By Carey Helmink
Several years ago, I shared this same scripture. Maybe some of you can read the bible through in a year, but it takes me 2-3 years, and so I have just rolled around to this passage again. It always stops me in my tracks. And I’ve spent a lot of time thinking about it in the past couple of weeks.
Luke 7:18-22 (New Living Translation)
The disciples of John the Baptist told John about everything Jesus was doing. So John called for two of his disciples, and he sent them to the Lord to ask him, “Are you the Messiah we’ve been expecting, or should we keep looking for someone else?”
John’s two disciples found Jesus and said to him, “John the Baptist sent us to ask, ‘Are you the Messiah we’ve been expecting, or should we keep looking for someone else?’”
At that very time, Jesus cured many people of their diseases, illnesses, and evil spirits, and he restored sight to many who were blind. Then he told John’s disciples, “Go back to John and tell him what you have seen and heard—the blind see, the lame walk, those with leprosy are cured, the deaf hear, the dead are raised to life, and the Good News is being preached to the poor.”
A couple of things jump out at me.
First of all, Jesus does not get annoyed at John’s questions. Keep in mind that John actually heard the voice of God say that Jesus was his son when he baptized Jesus. If anyone on the planet KNEW who Jesus was, it was John. But John is rotting away in prison and let’s be honest–sometimes when life gets rough, we begin to doubt what we KNOW to be true.
Jesus doesn’t reprimand John or his disciples for their doubt.
But he also doesn’t go out of his way to comfort John or to remedy his situation. It seems likely that Jesus was within walking distance of where John was imprisoned–John’s disciples obviously came from John to question Jesus. And in the very next verses Jesus tells that crowd how awesome John is, but I’m guessing that during his earthly stay, John never knew what Jesus said about him in that moment.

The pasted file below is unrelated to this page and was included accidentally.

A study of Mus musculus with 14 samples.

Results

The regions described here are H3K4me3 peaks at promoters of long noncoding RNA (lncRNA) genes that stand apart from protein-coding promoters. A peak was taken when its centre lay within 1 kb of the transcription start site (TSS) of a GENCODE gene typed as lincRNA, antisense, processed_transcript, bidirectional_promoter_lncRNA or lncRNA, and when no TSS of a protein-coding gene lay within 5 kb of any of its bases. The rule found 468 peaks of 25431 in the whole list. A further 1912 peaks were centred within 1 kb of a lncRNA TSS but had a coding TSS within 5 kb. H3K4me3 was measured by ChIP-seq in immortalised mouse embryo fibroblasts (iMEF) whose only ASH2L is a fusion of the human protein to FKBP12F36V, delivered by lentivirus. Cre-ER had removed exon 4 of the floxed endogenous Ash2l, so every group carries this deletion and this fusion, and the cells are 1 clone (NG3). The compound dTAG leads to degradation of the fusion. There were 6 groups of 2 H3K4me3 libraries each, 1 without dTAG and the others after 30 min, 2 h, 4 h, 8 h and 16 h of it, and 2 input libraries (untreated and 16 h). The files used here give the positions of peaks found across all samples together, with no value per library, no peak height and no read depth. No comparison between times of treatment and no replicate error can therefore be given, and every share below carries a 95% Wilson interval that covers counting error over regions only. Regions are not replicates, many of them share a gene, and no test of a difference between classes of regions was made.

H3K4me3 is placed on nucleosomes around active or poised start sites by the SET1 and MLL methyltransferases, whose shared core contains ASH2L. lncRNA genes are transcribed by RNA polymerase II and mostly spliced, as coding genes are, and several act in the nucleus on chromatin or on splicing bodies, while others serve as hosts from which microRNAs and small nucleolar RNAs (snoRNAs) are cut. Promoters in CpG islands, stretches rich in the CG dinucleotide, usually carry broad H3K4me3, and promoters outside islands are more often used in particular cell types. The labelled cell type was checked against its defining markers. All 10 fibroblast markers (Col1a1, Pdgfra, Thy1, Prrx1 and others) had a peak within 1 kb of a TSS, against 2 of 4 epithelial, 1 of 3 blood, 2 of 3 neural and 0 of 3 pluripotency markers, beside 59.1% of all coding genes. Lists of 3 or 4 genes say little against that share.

Jesus doesn’t give John a simple, straightforward answer either.
What Jesus does is remind John of what he’s up to and asks John to THINK.
“Go back to John and tell him what you have seen and heard—the blind see, the lame walk, those with leprosy are cured, the deaf hear, the dead are raised to life, and the Good News is being preached to the poor.”
He doesn’t say, “Yes, of course I’m the Messiah. Remember?” He gives John the evidence and asks him to work it out for himself.
When we are in the midst of struggles, no one has to remind us to FEEL. Feelings occur. It’s not a bad thing. It’s part of what makes us human. But in the midst of struggles, sometimes we have to be reminded to THINK.
Listen to the words of John Piper:
“Jesus took our nature in Bethlehem, to die our death in Jerusalem — all that we might be fearless in our city today. Yes, fearless. Because if the biggest threat to my joy is gone, then why should I fret over the little ones? How can you say (really!), ‘Well, I’m not afraid to die but I’m afraid to lose my job?’ No. No. Think!
If death . . . is no longer a fear, we’re free, really free. Free to take any risk under the sun for Christ and for love.”
Some of you feel close to God today, but some of you are in John’s shoes and doubt and disillusionment are your companions. Either way, let’s engage our minds as we walk through the Shadowlands. Let’s think about who God is, wrestle with him if we need to, and know that we are always loved.